All nominated for the Cybils, review copies all from Scholastic Canada because for some reason they are not available in the US through most major jobbers.
Wilson, John. Shot at Dawn: World War I. Allan McBride, France, 1917
Allan decides to join up to follow in the footsteps of a childhood friend, Ken, who is serving in France. The training that the Canadian troops go through is especially brutal, to the point where a deserter and organizer tries to get the men to rebel, which they do after a soldier is beaten by the military police. Once the troops start to see action, it's even worse. Remember, WWI had trench war fare and poison gas, and the toll of the troops was horrendous. When Allan thinks that he sees Ken die, and feels responsible for the death of another comrade, he wanders off to find help back in Canada, since he is so shell shocked. When he finally returns to his unit, he is tried as a deserter, hence the title.
Strengths: No one writes war fiction like Wilson. No one. I am glad that this was nominated so I could get a copy. He has the perfect blend of action and adventure, but with the horrible consequences that something like Lynch's I Pledge Allegiance didn't really show.
Weaknesses: Limited availability through Follett and Baker and Taylor make this hard to acquire. See previous post: I'm trying to cut down on the amount of books I buy with my own money.
Jamie's family has been living in England for his father's banking job but is heading home to Canada. Jamie and a few shipboard friends get into all sorts of trouble, climbing around the ship, and enjoy the fancy surroundings. Jamie meets a man going to Ireland to become a priest; this man takes a lot of pictures of the interior of the ship, which are some of the few to survive. Of course, before long the ship hits the iceberg and starts to sink. Details of how life boats were filled, of how men were left behind, and of how Jamie manages to get into a life boat, survive the bitter cold, get rescued, and make it home from New York City to Canada after the death of his father make up the last part of the book.
Strengths: There are a ton of Titanic books coming out, and this is my favorite so far. It was easier to follow one main character (based on a real person!) and the details about after being rescued were something I hadn't really read.
Weakness: I'd love to see all of Brewster's work; he has some war books that look really good, like at Vimy Ridge and Dieppe: Canada's Darkest Day of WWII, but I can't get them easily. Sigh.
Ellis, Sarah. That Fatal Night: The Titani Diary of Dorothy Wilson: Halifax, Nova Scotia, 1912.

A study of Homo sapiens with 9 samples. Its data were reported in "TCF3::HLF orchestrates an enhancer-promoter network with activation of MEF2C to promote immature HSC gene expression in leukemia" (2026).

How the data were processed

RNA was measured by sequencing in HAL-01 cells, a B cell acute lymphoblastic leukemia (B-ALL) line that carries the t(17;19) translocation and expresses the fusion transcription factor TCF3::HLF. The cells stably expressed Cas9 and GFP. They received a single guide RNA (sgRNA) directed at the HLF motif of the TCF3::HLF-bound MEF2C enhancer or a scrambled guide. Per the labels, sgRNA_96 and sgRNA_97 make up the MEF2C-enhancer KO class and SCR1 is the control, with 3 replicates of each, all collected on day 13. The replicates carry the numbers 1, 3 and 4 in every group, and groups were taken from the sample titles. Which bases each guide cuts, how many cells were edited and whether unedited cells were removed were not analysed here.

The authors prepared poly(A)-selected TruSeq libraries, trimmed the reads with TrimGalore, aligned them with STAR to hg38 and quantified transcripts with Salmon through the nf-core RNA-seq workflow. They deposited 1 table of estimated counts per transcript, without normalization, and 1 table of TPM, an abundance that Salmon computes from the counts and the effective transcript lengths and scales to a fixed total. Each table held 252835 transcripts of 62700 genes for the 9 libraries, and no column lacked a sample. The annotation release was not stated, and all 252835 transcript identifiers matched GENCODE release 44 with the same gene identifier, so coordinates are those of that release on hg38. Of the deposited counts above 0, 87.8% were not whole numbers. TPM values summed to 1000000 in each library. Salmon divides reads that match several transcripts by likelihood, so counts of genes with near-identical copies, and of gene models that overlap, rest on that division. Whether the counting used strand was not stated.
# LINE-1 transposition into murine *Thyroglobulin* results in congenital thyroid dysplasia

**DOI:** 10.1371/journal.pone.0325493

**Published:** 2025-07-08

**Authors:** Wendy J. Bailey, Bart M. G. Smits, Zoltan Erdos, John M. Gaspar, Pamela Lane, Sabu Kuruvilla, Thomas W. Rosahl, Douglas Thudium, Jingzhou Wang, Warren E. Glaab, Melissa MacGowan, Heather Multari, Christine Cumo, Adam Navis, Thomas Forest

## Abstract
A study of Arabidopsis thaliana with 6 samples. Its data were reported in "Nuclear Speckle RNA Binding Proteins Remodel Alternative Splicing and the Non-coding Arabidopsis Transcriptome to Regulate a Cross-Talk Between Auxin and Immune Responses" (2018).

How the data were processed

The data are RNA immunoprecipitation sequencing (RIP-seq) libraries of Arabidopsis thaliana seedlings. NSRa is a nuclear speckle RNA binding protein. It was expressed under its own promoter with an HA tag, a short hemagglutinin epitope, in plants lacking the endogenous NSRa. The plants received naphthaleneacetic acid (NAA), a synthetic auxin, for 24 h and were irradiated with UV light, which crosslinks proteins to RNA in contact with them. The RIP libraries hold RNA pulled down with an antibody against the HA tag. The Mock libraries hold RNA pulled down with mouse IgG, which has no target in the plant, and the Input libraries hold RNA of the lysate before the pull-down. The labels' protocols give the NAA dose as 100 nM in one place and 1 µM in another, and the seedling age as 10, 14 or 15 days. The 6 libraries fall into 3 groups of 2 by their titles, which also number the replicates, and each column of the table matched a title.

Dorothy has survived the Titanic and is back home, and she really doesn't want to talk about it. She's gotten suspended from school because of an incident at school and is being tutored at home. She feels that the death of the woman accompanying her home from her grandparents in England is somehow her fault, and she is tired of being asked about her experiences and hates to hear about the funerals of all of the people who died. To try to deal with her emotions over this traumatic experience, she writes small plays that detail what she went through.
Strengths: A lot of good information about daily life in 1912, and an interesting twist on the Titanic experience.
Weaknesses: Like most of the Dear America diaries, this one is somewhat whiny. The diary format often seems to concentrate on how the girls feel instead of descriptions of the historic time period, and I find this slightly wearying.
Clarissa is crushed when she doesn't get a part in the school play but her best friend Benji does, and she also has to deal with her mother, who not only is going through treatment for cancer and is not yet in remission, but is also dating her personal trainer. Clarissa's love life has some bright moments; she goes out with Josh, but one of her friends may be dating him, and other friends think that Benji may be interested in her. Clarissa has a nice group of friends, and the town they live in is small enough for them to walk around and go out to a lot of places.
Strengths: Just a fun, upbeat story of middle school and all the permutations of personal relationships. Very reminiscent of Ellen Conford, whom I adore.
Weaknesses: Could be a bit more cohesive plot, but maybe I missed something not having read the first book, Words That Start With B.